February 09, 2012 posted by Carissa D. Etters

GREENVILLE – A new tool to remedy stiff or narrowed aortic valves in high-risk patients and a less invasive way to implant it could soon be a standard of care after a successful clinical trial by East Carolina University physicians.

The procedure, known as transcatheter aortic valve replacement, or TAVR, allows doctors to replace a worn valve without opening the chest. TAVR is considered to be less invasive than a traditional valve-replacement operation, which involves open-heart surgery. Candidates for a TAVR are either not good candidates for the traditional surgery or might be considered too weak or too old to undergo the surgery.

In the TAVR procedure, the valve is inserted with a catheter through either an artery in the leg (transfemoral) or by making a small chest incision and inserting the valve through the tip of the left ventricle of the heart (transapical). The TAVR can be performed by implanting the new valve and pushing back the old one.

Replacing a valve in this way is fairly new, and ECU physicians are using the technique to implant the latest version of the artificial valve, which is smaller and more flexible and hence gentler to arteries than older styles.

“Many years ago, doctors could never fathom a valve replacement without opening the chest,” said Dr. Walter A. Tan, an interventional cardiologist and associate professor of cardiovascular sciences at ECU and principal investigator on the TAVR trial. “It is a game-changing technology.”

Patients will benefit from less invasive aortic valve replacements with faster recovery, less pain and fewer complications than are associated with traditional aortic valve replacement, said Dr. W. Randolph Chitwood Jr., director of the Heart Institute and professor of cardiovascular surgery at ECU.

Chitwood said patients are looking for less-invasive surgery and catheter-based technology. These methods have been reserved for unfavorable surgical candidates. Now more patients who have poor health but who need a new valve can be treated effectively.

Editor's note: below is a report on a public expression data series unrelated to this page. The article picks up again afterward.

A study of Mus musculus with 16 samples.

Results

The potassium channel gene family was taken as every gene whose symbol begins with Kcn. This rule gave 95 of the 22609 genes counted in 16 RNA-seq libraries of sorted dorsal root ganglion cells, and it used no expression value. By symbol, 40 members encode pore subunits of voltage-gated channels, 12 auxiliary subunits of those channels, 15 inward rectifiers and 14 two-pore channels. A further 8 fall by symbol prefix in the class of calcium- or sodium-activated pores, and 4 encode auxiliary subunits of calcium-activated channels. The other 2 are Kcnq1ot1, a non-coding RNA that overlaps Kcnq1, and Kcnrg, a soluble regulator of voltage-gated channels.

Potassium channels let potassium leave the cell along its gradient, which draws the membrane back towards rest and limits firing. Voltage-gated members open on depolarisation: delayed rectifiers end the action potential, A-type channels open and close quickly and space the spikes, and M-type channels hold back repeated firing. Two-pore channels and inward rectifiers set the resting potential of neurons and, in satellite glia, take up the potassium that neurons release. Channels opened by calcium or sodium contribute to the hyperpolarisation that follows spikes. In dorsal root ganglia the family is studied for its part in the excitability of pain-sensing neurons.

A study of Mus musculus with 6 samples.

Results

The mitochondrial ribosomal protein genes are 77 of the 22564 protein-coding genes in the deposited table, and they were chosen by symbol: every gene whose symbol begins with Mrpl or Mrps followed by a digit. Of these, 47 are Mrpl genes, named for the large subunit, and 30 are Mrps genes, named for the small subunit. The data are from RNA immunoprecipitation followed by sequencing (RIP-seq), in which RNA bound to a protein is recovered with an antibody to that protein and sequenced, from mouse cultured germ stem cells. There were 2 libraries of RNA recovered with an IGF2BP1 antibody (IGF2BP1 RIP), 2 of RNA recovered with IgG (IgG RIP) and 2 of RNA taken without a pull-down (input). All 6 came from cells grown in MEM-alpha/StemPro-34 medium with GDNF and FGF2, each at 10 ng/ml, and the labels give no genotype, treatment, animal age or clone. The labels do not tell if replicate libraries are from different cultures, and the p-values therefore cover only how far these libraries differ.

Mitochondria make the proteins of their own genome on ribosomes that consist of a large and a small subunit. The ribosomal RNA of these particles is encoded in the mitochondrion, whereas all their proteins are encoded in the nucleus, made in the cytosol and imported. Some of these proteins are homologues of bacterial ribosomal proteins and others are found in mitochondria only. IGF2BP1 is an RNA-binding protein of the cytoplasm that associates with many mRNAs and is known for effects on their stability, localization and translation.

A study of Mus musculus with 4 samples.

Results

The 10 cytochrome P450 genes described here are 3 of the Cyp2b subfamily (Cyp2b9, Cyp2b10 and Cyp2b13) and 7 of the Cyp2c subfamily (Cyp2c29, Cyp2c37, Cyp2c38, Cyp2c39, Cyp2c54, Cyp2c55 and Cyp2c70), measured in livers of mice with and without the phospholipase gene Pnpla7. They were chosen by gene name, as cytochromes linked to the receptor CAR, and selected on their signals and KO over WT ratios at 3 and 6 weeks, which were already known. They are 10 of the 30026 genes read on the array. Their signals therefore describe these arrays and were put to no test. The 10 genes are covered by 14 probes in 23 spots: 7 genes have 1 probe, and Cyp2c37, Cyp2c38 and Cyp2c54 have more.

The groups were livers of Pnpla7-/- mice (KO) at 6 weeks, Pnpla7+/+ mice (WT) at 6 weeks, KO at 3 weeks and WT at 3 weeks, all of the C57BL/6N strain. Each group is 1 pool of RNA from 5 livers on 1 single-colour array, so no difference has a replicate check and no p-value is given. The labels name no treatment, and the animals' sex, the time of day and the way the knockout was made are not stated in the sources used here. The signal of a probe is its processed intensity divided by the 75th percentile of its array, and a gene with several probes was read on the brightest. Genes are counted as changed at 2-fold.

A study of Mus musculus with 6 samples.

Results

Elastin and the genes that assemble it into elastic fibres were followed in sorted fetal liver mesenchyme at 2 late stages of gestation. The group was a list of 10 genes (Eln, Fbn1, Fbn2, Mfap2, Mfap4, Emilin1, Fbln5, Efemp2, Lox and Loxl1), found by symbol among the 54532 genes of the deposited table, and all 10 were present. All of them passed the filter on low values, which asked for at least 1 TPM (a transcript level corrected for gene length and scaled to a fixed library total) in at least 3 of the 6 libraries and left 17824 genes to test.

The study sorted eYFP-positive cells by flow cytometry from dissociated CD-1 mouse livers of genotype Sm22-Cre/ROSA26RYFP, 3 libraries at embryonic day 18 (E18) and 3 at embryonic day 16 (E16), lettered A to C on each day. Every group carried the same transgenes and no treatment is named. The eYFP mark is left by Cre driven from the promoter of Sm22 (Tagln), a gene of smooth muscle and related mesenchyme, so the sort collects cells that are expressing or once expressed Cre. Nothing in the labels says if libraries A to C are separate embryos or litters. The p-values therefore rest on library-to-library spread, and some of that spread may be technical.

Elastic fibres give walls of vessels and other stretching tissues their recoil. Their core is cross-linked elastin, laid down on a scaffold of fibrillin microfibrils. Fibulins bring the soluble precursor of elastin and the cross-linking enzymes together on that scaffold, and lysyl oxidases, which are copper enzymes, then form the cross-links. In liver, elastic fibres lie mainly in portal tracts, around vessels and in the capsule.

A team of ECU physicians performed the first TAVR procedure at the East Carolina Heart Institute at Vidant Medical Center on Jan. 23. The team was led by Drs. Chitwood ; Tan, who is also associate director of the Heart Institute cardiac catheterization labs ; Curtis Anderson, a cardiothoracic surgeon and associate professor of cardiovascular sciences at ECU; Alan Kypson, a cardiothoracic surgeon and associate professor of cardiovascular sciences at ECU; and Ramesh Daggubati, a cardiologist and clinical associate professor at ECU.

Tan said this procedure was the first TAVR in the Carolinas using the latest generation of the valve, called the Edwards SAPIEN XT™ Transcatheter Heart Valve. ECU is participating in the PARTNER II trial (Placement of Aortic Transcatheter Valves), which is evaluating these new valves. 
“The Heart Institute has the unique distinction of being the only center in the world in a city with a population less than a half a million people involved in this selective clinical trial because of our superb track record for innovation in cardiac care,” Tan said.

The patient in the first trial case was an 85-year-old retired Navy veteran from Elizabeth City who was very high-risk for a traditional valve replacement because he had lung disease, heart failure and had previously undergone valve repair and coronary artery bypass surgery. The patient was excited to be a part of history in an effort to help other patients in the future.

This patient received the valve implantation transfemorally, which proceeded without complications. Typically this procedure takes about 90 minutes to perform; because this case included multiple safety checks, it took nearly three hours to complete. Subsequent TAVR implantations will take less time.

Tan said the patient recovered remarkably. He immediately experienced easier breathing and just hours after the procedure was able to walk more briskly than he has been able to in years. The patient was discharged from the Heart Institute four days after getting his new valve. The patient said the first thing he wants to do when he is fully recovered is to go fishing with his son.

Tan attributes much of the success to the patient’s will to live, his supportive family, and the mission-driven teamwork of doctors, nurses, and hospital and medical school administrators. Within the next five years, Tan estimated, a TAVR procedure using the new valve will be the option for about 30 percent of patients with aortic stenosis.

The team has performed a total of three successful TAVR procedures.